European Art

Ecce Homo (Christ as the Man of Sorrows)

ca. 1650

Polychromed wood

69.9 × 54 × 36 cm (27 1/2 × 21 1/4 × 14 3/16 in.)
Stephen Carlton Clark, B.A. 1903, Fund
During the 17th century, painted wood was popular in Spain while other European countries preferred stone or bronze. Spanish realism and taste for grim detail are manifested in the streams of blood flowing from Christ’s head and down his shoulders, and especially evident in the detail of the rope-chafed wrists. The color was probably applied by an artist specializing in painting wood sculpture. The carving is crisp and strong. Avoiding the sensational, the sculptor has made a powerful statement in form and meaning.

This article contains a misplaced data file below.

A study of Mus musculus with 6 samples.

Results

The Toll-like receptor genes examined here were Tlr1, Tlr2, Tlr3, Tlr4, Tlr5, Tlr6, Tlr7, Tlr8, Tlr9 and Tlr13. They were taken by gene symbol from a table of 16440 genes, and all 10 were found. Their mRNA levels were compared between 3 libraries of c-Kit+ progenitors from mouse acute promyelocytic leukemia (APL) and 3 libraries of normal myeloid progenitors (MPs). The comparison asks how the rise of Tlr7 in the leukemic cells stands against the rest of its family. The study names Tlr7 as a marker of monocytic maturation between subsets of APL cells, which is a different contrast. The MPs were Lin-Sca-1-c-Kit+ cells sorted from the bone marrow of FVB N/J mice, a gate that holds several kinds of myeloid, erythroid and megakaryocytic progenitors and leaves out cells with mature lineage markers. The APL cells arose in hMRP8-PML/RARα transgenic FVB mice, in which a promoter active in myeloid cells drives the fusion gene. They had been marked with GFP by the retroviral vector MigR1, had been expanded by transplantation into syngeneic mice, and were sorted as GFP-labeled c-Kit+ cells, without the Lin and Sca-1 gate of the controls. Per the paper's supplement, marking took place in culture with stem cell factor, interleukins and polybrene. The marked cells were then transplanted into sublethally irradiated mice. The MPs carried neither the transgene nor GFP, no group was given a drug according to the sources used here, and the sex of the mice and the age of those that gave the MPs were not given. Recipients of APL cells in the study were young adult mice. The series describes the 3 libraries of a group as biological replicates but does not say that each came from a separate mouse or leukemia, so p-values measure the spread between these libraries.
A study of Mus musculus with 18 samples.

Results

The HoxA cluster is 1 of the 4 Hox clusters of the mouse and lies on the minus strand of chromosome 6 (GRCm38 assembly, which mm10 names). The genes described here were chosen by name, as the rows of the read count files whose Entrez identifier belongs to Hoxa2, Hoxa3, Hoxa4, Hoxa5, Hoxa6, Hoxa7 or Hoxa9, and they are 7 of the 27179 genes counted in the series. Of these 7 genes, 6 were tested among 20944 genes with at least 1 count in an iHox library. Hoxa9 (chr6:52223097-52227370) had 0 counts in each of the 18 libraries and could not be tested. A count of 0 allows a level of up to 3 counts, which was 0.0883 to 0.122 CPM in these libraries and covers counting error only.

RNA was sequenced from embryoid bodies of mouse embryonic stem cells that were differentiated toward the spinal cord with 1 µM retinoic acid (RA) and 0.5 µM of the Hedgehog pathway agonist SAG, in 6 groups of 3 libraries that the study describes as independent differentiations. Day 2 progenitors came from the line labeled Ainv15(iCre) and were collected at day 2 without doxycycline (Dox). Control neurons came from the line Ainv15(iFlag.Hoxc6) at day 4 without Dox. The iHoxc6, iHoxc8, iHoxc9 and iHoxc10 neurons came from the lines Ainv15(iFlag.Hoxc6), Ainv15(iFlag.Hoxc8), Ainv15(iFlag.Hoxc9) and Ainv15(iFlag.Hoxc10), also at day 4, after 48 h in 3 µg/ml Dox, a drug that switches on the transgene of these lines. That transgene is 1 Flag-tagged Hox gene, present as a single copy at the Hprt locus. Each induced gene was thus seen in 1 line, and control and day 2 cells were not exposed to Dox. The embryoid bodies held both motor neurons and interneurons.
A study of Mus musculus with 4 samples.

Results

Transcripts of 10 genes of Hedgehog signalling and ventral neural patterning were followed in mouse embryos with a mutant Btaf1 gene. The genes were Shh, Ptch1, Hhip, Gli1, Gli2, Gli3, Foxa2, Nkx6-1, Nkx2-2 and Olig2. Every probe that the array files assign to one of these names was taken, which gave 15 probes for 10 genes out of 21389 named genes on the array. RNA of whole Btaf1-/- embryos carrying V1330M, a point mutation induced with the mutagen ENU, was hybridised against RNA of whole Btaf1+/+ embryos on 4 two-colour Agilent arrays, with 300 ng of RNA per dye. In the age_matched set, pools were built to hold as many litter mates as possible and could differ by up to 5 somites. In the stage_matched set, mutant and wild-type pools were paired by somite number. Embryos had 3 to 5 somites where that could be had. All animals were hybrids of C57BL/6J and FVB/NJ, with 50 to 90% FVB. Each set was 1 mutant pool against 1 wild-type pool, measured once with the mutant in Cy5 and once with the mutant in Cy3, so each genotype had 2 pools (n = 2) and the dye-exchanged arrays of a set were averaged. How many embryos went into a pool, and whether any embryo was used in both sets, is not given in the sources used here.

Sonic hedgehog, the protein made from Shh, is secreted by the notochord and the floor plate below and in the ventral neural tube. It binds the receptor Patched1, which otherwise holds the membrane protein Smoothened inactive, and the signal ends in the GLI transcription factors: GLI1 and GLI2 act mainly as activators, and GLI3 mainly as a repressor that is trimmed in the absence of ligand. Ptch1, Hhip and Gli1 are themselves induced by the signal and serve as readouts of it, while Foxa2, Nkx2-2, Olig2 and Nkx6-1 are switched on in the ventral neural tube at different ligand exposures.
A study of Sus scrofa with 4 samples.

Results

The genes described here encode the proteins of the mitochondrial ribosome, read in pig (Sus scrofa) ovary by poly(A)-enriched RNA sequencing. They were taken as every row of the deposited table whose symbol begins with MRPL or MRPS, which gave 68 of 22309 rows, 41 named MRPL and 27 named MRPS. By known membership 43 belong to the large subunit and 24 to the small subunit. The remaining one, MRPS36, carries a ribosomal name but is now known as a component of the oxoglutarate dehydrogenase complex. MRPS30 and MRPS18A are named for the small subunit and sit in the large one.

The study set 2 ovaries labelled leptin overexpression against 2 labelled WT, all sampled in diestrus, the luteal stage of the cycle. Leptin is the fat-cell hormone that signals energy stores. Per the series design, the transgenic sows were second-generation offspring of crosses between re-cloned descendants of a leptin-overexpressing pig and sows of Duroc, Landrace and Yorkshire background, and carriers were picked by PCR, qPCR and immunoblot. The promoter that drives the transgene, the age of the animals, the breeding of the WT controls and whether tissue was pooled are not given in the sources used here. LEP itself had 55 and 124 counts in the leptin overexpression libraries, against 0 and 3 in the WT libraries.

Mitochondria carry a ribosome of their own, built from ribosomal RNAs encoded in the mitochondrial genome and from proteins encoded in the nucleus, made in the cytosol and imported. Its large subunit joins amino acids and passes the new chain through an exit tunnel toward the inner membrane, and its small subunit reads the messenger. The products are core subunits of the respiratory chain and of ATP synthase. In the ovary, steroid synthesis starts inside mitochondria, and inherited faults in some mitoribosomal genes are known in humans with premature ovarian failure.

On view
Spanish, Madrid
17th century

Holagray collection, Bordeaux; private collection (France?); Cesar de Hauke, Paris


Suzanne L. Stratton, Spanish Polychrome Sculpture 1500–1800 in United States Collections, exh. cat. (New York: The Spanish Institute, 1993), 120–21, no. 21, ill.

James Clifton, The Body of Christ: In the Art of Europe and New Spain, 1150–1800, exh. cat. (Houston: Museum of Fine Arts, Houston, 1997), 80–1, no. 34, ill.

Katherine Neilson and Andrew Carnduff Ritchie, Selected Paintings and Sculpture from the Yale University Art Gallery (New Haven, Conn.: Yale University Press, 1972), no. 124, ill.

Note: This electronic record was created from historic documentation that does not necessarily reflect the Yale University Art Gallery’s complete or current knowledge about the object. Review and updating of such records is ongoing.